Given that air travel is typically a large spend item for most companies, it makes sense for procurement folks to attack it with extra energy and creativity. Here are three ideas that often come up:
1. Consolidate air spend across a few firms to get better negotiating leverage
2. Buy air travel in bulk
3. Leverage frequent flier miles by stripping them out of the fare price, or by pooling them for corporate use.
Unless you’re the type that likes to take long walks in the hot sun, you can forget about using any of these methods – they just don’t work. Here’s why:The Problems with Consortia Buying
Airlines hate the idea of companies pooling their spend to get better discounts. It’s too slippery a slope – where would it stop? But that’s not the real problem – governance is. By governance, I mean the ability of multiple unrelated firms to make a group purchase contract work for both the buyers and the suppliers.
The first problem is conflicting footprints. No two companies have the same air travel footprint (the set of origination-destination city pairs and the corresponding spend volumes). Imagine one firm based in Atlanta (a Delta stronghold) pooling its spend with a firm based in Houston (a Continental stronghold). By picking either DL or CO as the consortia’s primary carrier, the deal guarantees to make travelers from the “losing” firm really unhappy.
This leads to the second problem with consortias – the dilution of policy compliance. Airlines are willing to give discounts in return for increased market share (or volume in some markets). They will rationally ask how a group of companies will be able to achieve higher compliance, as a consortia, than they could individually.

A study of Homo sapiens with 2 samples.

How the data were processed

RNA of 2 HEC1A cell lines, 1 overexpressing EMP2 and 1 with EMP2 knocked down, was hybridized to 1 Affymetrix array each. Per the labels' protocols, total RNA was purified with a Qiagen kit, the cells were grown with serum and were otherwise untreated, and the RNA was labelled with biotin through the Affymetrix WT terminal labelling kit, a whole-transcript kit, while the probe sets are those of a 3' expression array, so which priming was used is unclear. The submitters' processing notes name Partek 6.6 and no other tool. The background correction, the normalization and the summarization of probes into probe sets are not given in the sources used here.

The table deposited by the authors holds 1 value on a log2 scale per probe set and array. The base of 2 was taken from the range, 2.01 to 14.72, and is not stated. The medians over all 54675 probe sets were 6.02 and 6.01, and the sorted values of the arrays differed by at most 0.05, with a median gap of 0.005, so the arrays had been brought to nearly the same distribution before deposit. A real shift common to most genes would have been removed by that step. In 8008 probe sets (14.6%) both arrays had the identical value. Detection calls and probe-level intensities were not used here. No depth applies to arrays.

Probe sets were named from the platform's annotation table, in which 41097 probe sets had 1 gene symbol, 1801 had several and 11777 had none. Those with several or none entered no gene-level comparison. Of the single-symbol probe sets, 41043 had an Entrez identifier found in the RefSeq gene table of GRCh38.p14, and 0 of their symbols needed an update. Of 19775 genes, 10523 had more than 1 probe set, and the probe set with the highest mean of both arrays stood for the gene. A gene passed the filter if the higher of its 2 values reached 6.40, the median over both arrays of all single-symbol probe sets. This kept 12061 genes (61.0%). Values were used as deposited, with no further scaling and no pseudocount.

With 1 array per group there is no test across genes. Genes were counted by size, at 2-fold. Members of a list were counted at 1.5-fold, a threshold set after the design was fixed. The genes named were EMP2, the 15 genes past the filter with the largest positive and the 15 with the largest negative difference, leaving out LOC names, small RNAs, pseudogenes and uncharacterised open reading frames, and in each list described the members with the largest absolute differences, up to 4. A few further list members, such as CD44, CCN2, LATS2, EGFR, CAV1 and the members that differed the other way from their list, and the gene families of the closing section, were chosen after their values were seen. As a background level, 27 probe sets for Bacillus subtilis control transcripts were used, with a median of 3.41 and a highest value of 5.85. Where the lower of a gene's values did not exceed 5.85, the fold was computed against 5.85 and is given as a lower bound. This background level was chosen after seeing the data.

Given that some of the consortia firms will have unhappy travelers, there needs to be a very strong penalty clause in the consortia agreement to make sure the market share goals are met. Negotiating such a clause between consortia members is very difficult and time-consuming. Enforcing it is even more painful and will be met with any number of excuses.
Finally, if companies are really able to deliver the market share sought by an airline, they will very likely get the same (or nearly the same) discount on their own. The size of a buyer’s airline spend is not the biggest driver of discounts. Much more important are the strength of the buyer’s travel policy and its fare mix (a proxy for profit margin).
So if you can get nearly the same discounts on your own, why would you want to go through the hassle of trying to buy via a consortia? You wouldn’t and shouldn’t.
Up next: Buying airfare in bulkScott Gillespie is the author of Gillespie's Guide to Travel Procurement.